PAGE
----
In this issue
April 9, 2014

Jonathan Tobin: Why Did Kerry Lie About Israeli Blame?

Samuel G. Freedman: A resolution 70 years later for a father's unsettling legacy of ashes from Dachau

Jessica Ivins: A resolution 70 years later for a father's unsettling legacy of ashes from Dachau

Kim Giles: Asking for help is not weakness

Kathy Kristof and Barbara Hoch Marcus: 7 Great Growth Israeli Stocks

Matthew Mientka: How Beans, Peas, And Chickpeas Cleanse Bad Cholesterol and Lowers Risk of Heart Disease

Sabrina Bachai: 5 At-Home Treatments For Headaches

The Kosher Gourmet by Daniel Neman Have yourself a matzo ball: The secrets bubby never told you and recipes she could have never imagined

April 8, 2014

Lori Nawyn: At Your Wit's End and Back: Finding Peace

Susan B. Garland and Rachel L. Sheedy: Strategies Married Couples Can Use to Boost Benefits

David Muhlbaum: Smart Tax Deductions Non-Itemizers Can Claim

Jill Weisenberger, M.S., R.D.N., C.D.E : Before You Lose Your Mental Edge

Dana Dovey: Coffee Drinkers Rejoice! Your Cup Of Joe Can Prevent Death From Liver Disease

Chris Weller: Electric 'Thinking Cap' Puts Your Brain Power Into High Gear

The Kosher Gourmet by Marlene Parrish A gift of hazelnuts keeps giving --- for a variety of nutty recipes: Entree, side, soup, dessert

April 4, 2014

Rabbi David Gutterman: The Word for Nothing Means Everything

Charles Krauthammer: Kerry's folly, Chapter 3

Amy Peterson: A life of love: How to build lasting relationships with your children

John Ericson: Older Women: Save Your Heart, Prevent Stroke Don't Drink Diet

John Ericson: Why 50 million Americans will still have spring allergies after taking meds

Cameron Huddleston: Best and Worst Buys of April 2014

Stacy Rapacon: Great Mutual Funds for Young Investors

Sarah Boesveld: Teacher keeps promise to mail thousands of former students letters written by their past selves

The Kosher Gourmet by Sharon Thompson Anyone can make a salad, you say. But can they make a great salad? (SECRETS, TESTED TECHNIQUES + 4 RECIPES, INCLUDING DRESSINGS)

April 2, 2014

Paul Greenberg: Death and joy in the spring

Dan Barry: Should South Carolina Jews be forced to maintain this chimney built by Germans serving the Nazis?

Mayra Bitsko: Save me! An alien took over my child's personality

Frank Clayton: Get happy: 20 scientifically proven happiness activities

Susan Scutti: It's Genetic! Obesity and the 'Carb Breakdown' Gene

Lecia Bushak: Why Hand Sanitizer May Actually Harm Your Health

Stacy Rapacon: Great Funds You Can Own for $500 or Less

Cameron Huddleston: 7 Ways to Save on Home Decor

The Kosher Gourmet by Steve Petusevsky Exploring ingredients as edible-stuffed containers (TWO RECIPES + TIPS & TECHINQUES)

Jewish World Review August 15, 2011 / 15 Menachem-Av, 5771

Taking stock

By Betsy Hart

http://www.JewishWorldReview.com | A drop of more than 600 points in one day in the U.S. stock market.


Even one of my daughters asked, "Mom, the stock market dropped HOW MUCH??"

I have a feeling that she was first trying to gauge any potential impact on her back-to-school shopping, but even she -- a typical teen insulated from much of the craziness of the world -- was struck by such news.

I tend to be an optimist, so I figure that our portfolios will bounce back sooner rather than later. But meanwhile, we're again looking at wild swings in the markets. What a roller coaster.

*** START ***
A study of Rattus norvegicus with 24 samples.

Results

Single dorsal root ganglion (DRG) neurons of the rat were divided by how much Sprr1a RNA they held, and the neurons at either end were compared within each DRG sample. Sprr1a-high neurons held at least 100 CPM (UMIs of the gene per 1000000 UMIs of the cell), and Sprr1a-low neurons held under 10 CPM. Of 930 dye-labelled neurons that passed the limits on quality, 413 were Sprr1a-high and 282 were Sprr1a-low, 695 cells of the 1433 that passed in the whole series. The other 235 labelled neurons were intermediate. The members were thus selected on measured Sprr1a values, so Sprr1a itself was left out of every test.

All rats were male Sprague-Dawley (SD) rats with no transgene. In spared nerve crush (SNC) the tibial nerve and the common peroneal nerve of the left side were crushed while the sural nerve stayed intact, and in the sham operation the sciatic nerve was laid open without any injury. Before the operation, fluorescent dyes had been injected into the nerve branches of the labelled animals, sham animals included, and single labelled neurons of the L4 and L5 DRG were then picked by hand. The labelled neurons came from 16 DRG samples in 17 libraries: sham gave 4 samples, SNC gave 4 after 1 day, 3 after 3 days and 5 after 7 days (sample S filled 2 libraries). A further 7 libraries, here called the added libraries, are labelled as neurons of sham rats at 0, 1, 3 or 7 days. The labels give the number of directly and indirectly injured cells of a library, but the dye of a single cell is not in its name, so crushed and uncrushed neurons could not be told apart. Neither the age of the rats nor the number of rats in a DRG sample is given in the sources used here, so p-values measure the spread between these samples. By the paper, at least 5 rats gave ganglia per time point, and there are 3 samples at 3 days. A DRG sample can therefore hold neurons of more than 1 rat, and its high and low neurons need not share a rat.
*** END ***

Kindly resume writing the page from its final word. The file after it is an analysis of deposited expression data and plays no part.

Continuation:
Of course, I'm not ultimately speaking here to the rises and falls of the stock market, to some extent an inevitable thing in a free and prosperous economy. Nor is this a diatribe against wealth, large or small. Rather, it's about taking stock in what we put our stock in, so to speak.

My pastor pointed out recently that in Psalm 49 the psalmist writes that even the wise die, the fool and the senseless alike perish and all "leave their wealth to others." Duh, right? But, what the psalmist noted then is still true thousands of years later: In spite of the obvious, we are surrounded by false messages that our identity and our hope lie in our wealth. Of course, that produces fear. When will we learn?

This isn't to say that wealth isn't relevant, but rather that so many of us should probably value it differently than we do. The empirical data now back up what the psalmist knew -- money really can't buy happiness. Once a basic level of life's necessities are met, the correlation between having more money and personal happiness disappears. No wonder. It's pretty easy in our society to get onto what researchers call the hedonic treadmill: The more you acquire, the more you want -- and that's especially true, studies show, if the people around you have more than you do.

Graeme Wood writes about the "Secret Fears of the Super-Rich" in a recent issue of The Atlantic. Wood notes: "Enormous wealth takes care of so many day-to-day concerns, that the remaining ones grow that much more frustrating."

It's all so… human.

Meanwhile, as noted, I can easily fall as prey to this as anyone. I, too, need a constant reminder, whether the market is rising or falling, that ultimate security never comes in things that can be wiped out in moments, and which we will leave behind when we die in any event. It helps me that over the course of my life I've been blessed to live with both more, and less, than I have now. And far from any call to asceticism, I've experienced a delightful and, I believe, God-given irony. I find the more loosely I hold "wealth," the more I can rightly enjoy and share whatever I do have, without fearing its loss or necessarily looking for more.

Once again, ancient wisdom that is so applicable to me, to all of us, in the 21st century. No wonder the Bible also tells us, "There is nothing new under the sun."